I had imagined this year’s International Day Against Homophobia, Transphobia and Biphobia very differently. In a normal year, Ukraine’s LGBTI (lesbian, gay, bisexual, transgender and intersex) community uses this day to make our voices heard, educate people about our priorities and advocate for better protection of our rights.
Perhaps this year would have featured a public event at our national parliament in Kyiv to call on legislators to pass a pending bill that would ban discrimination based on sexual orientation or gender identity – one of our top advocacy priorities. The February 24th Russian invasion changed everything.
I am a Ukrainian LGBTI activist and coordinator of the Global Fund-supported National Paralegal Hub, a paralegal network run by the country’s largest LGBTI organization, Alliance Global.
Peer paralegals are members of communities that are at increased risk of HIV infection, such as LGBTI people, sex workers and people who use drugs. They are trained to support their peers to overcome incidents of stigma, discrimination and other human rights violations.
For example, if a trans woman reports that a health care worker made inappropriate comments about her gender identity, a peer paralegal may remind the health care worker of their duty to provide non-stigmatizing care or engage their superiors or the health authorities to do so. If there are reports of harassment or attacks by a nationalist group against people at a gay club, a peer paralegal might work with them to report the incident to the police and follow up to see that it is investigated.
Because our 70 peer paralegals are embedded in our communities, they have a level of trust that outsiders do not. They ensure that we have ears to the ground and know exactly what kinds of issues our communities are facing. The paralegal network also empowers community members to overcome self-stigma and become more confident in claiming their rights. The network has also served as a vehicle for us to mobilize the community for public events – such as Pride parades, which have grown significantly in recent years – and around advocacy goals, such as the anti-discrimination legislation.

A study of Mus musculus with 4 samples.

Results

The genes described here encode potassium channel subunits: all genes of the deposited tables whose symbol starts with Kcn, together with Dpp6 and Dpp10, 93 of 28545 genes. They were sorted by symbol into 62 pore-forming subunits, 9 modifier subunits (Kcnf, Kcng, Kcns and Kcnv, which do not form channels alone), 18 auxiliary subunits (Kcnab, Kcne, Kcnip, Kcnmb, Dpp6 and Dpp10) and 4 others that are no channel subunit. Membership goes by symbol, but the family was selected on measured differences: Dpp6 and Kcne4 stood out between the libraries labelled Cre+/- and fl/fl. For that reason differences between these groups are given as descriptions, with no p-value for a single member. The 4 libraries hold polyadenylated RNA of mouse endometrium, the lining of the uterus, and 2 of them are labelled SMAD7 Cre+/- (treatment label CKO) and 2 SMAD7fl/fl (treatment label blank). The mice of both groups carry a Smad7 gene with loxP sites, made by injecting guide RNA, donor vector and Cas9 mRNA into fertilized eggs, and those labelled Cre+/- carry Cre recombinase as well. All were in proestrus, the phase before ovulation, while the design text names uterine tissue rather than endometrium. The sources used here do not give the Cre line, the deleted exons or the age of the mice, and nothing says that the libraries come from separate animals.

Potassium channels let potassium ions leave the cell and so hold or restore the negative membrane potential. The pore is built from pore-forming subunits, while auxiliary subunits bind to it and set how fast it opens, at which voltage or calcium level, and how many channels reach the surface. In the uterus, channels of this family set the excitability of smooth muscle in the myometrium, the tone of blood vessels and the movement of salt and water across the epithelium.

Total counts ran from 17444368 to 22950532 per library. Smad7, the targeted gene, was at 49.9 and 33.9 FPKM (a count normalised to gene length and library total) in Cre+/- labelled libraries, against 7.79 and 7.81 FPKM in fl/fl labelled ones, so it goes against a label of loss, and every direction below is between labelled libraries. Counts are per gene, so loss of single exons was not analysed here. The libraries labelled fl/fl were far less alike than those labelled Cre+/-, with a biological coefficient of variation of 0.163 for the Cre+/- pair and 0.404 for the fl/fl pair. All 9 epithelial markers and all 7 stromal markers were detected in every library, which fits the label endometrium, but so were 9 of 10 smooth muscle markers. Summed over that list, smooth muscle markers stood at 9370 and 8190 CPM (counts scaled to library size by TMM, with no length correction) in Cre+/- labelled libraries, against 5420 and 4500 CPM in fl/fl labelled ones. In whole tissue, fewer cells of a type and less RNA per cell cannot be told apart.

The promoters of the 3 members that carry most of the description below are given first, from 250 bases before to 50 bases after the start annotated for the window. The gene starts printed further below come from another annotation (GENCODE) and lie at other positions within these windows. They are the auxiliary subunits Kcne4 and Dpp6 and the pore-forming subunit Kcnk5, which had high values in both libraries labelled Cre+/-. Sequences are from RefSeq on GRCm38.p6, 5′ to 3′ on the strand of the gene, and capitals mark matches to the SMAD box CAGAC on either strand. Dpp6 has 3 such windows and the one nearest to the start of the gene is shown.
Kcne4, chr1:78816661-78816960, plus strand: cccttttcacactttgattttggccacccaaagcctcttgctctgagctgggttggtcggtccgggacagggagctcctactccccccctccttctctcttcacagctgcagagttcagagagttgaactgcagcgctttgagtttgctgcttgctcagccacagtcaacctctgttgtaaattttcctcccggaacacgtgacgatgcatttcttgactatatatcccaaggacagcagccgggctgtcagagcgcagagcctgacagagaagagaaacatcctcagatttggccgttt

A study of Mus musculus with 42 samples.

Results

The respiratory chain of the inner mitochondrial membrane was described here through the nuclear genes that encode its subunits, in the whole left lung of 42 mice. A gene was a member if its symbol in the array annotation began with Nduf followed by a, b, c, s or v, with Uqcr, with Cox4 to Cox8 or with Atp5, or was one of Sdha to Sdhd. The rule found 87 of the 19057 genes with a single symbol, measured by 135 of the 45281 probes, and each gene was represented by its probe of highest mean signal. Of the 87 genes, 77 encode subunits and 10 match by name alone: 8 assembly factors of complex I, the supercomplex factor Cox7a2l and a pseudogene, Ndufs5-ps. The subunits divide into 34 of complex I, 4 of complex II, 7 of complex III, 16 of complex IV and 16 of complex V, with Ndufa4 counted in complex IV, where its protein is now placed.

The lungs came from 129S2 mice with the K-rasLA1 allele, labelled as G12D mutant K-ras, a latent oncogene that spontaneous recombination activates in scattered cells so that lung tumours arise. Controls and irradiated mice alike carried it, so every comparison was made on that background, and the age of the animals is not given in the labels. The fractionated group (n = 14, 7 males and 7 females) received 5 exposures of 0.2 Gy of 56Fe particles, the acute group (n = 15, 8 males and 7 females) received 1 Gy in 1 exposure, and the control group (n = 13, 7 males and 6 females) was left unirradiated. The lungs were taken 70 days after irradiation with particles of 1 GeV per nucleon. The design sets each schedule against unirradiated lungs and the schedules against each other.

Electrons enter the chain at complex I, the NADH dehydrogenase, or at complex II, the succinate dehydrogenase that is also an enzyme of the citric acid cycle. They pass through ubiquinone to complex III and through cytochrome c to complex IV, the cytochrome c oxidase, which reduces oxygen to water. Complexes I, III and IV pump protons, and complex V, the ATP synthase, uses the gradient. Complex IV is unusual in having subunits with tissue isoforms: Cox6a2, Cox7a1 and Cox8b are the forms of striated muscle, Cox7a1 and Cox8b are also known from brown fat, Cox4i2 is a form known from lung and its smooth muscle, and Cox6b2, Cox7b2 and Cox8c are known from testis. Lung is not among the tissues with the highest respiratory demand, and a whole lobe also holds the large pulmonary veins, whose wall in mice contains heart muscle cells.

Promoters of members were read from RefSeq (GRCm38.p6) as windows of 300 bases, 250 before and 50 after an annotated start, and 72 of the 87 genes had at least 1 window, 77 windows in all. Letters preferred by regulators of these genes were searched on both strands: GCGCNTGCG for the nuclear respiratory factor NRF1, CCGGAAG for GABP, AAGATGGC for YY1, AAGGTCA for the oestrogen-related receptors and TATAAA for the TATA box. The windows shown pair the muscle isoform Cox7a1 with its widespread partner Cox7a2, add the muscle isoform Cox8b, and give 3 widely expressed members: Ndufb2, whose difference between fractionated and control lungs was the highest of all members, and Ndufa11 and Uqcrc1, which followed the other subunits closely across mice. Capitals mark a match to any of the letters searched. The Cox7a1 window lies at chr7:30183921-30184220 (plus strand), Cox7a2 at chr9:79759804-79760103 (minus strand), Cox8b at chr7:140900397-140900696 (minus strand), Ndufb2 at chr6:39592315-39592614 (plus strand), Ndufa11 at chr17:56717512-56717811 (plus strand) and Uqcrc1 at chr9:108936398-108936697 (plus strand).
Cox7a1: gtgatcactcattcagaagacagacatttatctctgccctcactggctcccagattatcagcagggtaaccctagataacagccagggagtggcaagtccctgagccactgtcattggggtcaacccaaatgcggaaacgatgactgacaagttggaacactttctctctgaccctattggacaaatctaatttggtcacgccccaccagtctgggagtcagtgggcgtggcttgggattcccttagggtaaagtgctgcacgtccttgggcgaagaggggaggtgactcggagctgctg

While we built this community for peacetime, we are now using it to respond to the new demands brought on by war. Despite the ongoing fighting, most paralegals continue to actively engage their communities, listening and responding to their needs.
In the last few months, paralegals have helped dozens of people who have lost their homes to find temporary shelter. They have helped people who have gotten stuck in the middle of hostilities get to safety. They have assisted people who have relocated to other parts of the country to secure new supplies of antiretroviral medications, pre-exposure prophylaxis (PrEP) – a medicine that people who are at high risk of HIV can take to protect themselves from contracting the disease – and condoms. Paralegals also continue to document incidents that are not related to the conflict, such as violence based on sexual orientation or gender identity.
Although many of the activities we had planned for 2022 cannot proceed under the current conditions, we continue to work closely with Ukrainian government agencies. Ukraine’s ombudsman has publicly condemned several violent incidents against members of the LGBTI community, and the prosecutor’s office has promised to investigate these cases.
While these last 12 weeks have tested us beyond our worst fears, the LGBTI community in Ukraine and the peer paralegal network I coordinate have proven resilient and adaptable throughout the conflict. We are convinced that not only will we prevail, but we will also ultimately be stronger for it.
Borys Grachov is a medical psychologist and journalist. He has worked on Global Fund-supported projects since 2015, initially focusing on HIV prevention, and since 2018 he has coordinated the work of the National Paralegal Hub. He also currently serves as chief medical officer in a unit of the Ukrainian armed forces.